Friday, November 1, 2013

Designing for Low-Skill Players: Conclusion

In the course of this series, we've talked about the various desires and priorities that appear more strongly in LSPs than their more skilled counterparts. We've discussed what sorts of designs appeal most to LSPs. But there's an underlying question we haven't addressed: to what extent should the game cater to LSPs?

Here's my answer: Magic needs cards that appeal to all LSP tendencies. However, only a handful of those cards need to be good in tournament play. 

Why Grave Titan is Strong, Angel's Mercy is Weak, and Mistbind Clique was a Horrible Mistake

Seriously, who doesn't hate these guys?
First, notice that cards which satisfy various LSP desires have wildly different effects on the metagame. Linear mechanics, for example, are highly appealing to LSPs, but you don't want to make them too clear-cut, or players will feel like their decks are being built for them. There's also a risk of decreased deck diversity because one boxed set of toys is just too strong together: Affinity was the most egregious offender, but the goblins of Onslaught block and faeries of Lorwyn were oppressive as well. I certainly hope we don't see another block with such overwhelming tribal themes in the future.

Similarly, defensive cards are dangerous for development to push hard. A powerful life gain or fog effect means longer, slower games, which creates tedious tournament rounds.

But other LSP-beloved cards, like splashy fatties, are a positive force for the game. Big, swingy plays like Inferno Titan push the game to completion, capitalize on the fundamental tension between speed and power, and create memorable experiences. These are the kind of cards that deserve the limelight in tournament play as well as at the kitchen table.

It is also productive to build in mechanical support for LSP play styles. Casting a Giant Growth on an unblocked creature satisfies the LSP's desire to measure progress in relative life totals, even though it's usually a bad play. However, mechanics like Heroic reward this action instead of punishing it. Throwing the LSP a bone by letting Magic work the way they want it to work is a good way to keep players happy.

When I first learned to play Magic in the late '90s, it was a game about summoning dragons and casting fireballs. Then, I learned that I'd been playing the kiddie version of the game: high-level play was about doing some elaborate dance with a Memory Jar or Illusions of Grandeur or Necropotence to kill your opponent out of nowhere. But nowadays, R&D's attitude is different: the game that LSPs play and the game that gets played at the Pro Tour bear a much stronger resemblance to each other. They've accomplished this by pushing appropriate LSP cards and styles for high-level play, which lowers the barrier to players who want to enjoy their first tournament.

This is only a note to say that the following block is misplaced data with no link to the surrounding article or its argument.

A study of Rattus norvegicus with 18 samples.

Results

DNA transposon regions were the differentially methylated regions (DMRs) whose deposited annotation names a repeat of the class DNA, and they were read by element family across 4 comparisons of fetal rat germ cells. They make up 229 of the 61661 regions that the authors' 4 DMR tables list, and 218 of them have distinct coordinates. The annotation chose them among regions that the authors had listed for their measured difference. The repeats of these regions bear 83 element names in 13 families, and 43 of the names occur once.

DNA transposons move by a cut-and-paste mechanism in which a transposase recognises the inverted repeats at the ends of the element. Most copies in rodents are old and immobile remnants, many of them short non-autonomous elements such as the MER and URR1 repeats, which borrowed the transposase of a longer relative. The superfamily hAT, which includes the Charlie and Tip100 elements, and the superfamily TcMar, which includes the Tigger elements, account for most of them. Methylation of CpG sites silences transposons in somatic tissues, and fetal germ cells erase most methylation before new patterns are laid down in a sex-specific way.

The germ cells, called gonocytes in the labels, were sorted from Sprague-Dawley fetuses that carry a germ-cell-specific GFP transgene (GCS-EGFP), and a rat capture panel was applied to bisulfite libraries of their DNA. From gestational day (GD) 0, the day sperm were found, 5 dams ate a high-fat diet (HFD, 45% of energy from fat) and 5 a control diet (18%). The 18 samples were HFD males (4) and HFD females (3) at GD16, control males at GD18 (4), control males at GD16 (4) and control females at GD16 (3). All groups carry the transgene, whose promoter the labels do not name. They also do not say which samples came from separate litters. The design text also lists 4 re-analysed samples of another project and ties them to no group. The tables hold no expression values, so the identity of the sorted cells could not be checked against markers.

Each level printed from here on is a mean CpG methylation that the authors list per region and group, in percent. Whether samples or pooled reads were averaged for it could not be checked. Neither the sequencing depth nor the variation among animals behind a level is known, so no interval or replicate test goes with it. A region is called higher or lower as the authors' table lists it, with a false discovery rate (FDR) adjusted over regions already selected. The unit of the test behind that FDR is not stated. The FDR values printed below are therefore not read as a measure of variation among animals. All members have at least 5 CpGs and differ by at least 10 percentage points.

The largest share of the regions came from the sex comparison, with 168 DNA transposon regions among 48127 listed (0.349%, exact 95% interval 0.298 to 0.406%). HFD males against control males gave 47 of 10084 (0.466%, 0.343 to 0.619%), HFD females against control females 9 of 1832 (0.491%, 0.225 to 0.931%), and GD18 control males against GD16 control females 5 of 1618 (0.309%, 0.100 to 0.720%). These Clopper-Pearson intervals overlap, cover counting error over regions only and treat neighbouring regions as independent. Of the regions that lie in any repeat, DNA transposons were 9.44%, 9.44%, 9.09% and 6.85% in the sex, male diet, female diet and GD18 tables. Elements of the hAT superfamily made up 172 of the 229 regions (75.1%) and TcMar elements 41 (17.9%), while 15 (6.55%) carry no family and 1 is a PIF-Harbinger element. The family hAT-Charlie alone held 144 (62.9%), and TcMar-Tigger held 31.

Upgrading and the Problem of Truly Bad Cards

I wish I knew how to quit you.
But what about the many LSP cards that are genuinely, well, bad? Isn't it unfair to create so many cards that players are destined to outgrow and eventually dislike? I've heard this argument many times: that "limited chaff" is a waste of cardboard, since even new players who are happily building Fencer's Magemark decks today will toss them aside tomorrow.

First of all, it's worth noting that all players start out at a low skill level, and many of them don't improve very quickly. Some of that "chaff" is still seeing play at kitchen tables somewhere. (In fact, I recently bought a box of several hundred commons for teaching my girlfriend how to play.) But leaving that aside...

The issue of newbie traps in games is a complex one. I am both a lover and vocal critic of the RPG system Exalted, whose extraordinarily convoluted combat system makes it impossible for a new player to build an effective character from scratch without knowing the appropriate secret recipe: learn this Charm, combo it with this one, max this stat, that skill, and only bother with this sort of weapon. It's cruel to give new players a maze of options with little clue how to make effective choices between them. But it's not all that different from the situation of a Magic player building his first deck.

However, Magic has crucial differences from RPGs; among them is the ease of "rerolling". When an Exalted player learns what particular array of Charms she should have selected at character creation, she's powerless to fix the problem. But when a Magic player figures out that Dark Confidant is better than Fleshmad Steed, he can simply swap them into his deck! Piece of cake.

The one sticking point here is that our imaginary player, upon gaining skill, may need to buy more cards in order to improve his deck. But put yourself in the shoes of a Wizards employee: is that really such a terrible problem?


  1. I like this conclusion.

  2. I enjoyed this series. On the topic of bad cards, I don't think they're a bad thing for LSPs. Games where low-power cards are played on both sides tend to be more forgiving of misplays, since each card has less of an impact on the game. What's most important is that both players in a duel have decks around the same power level.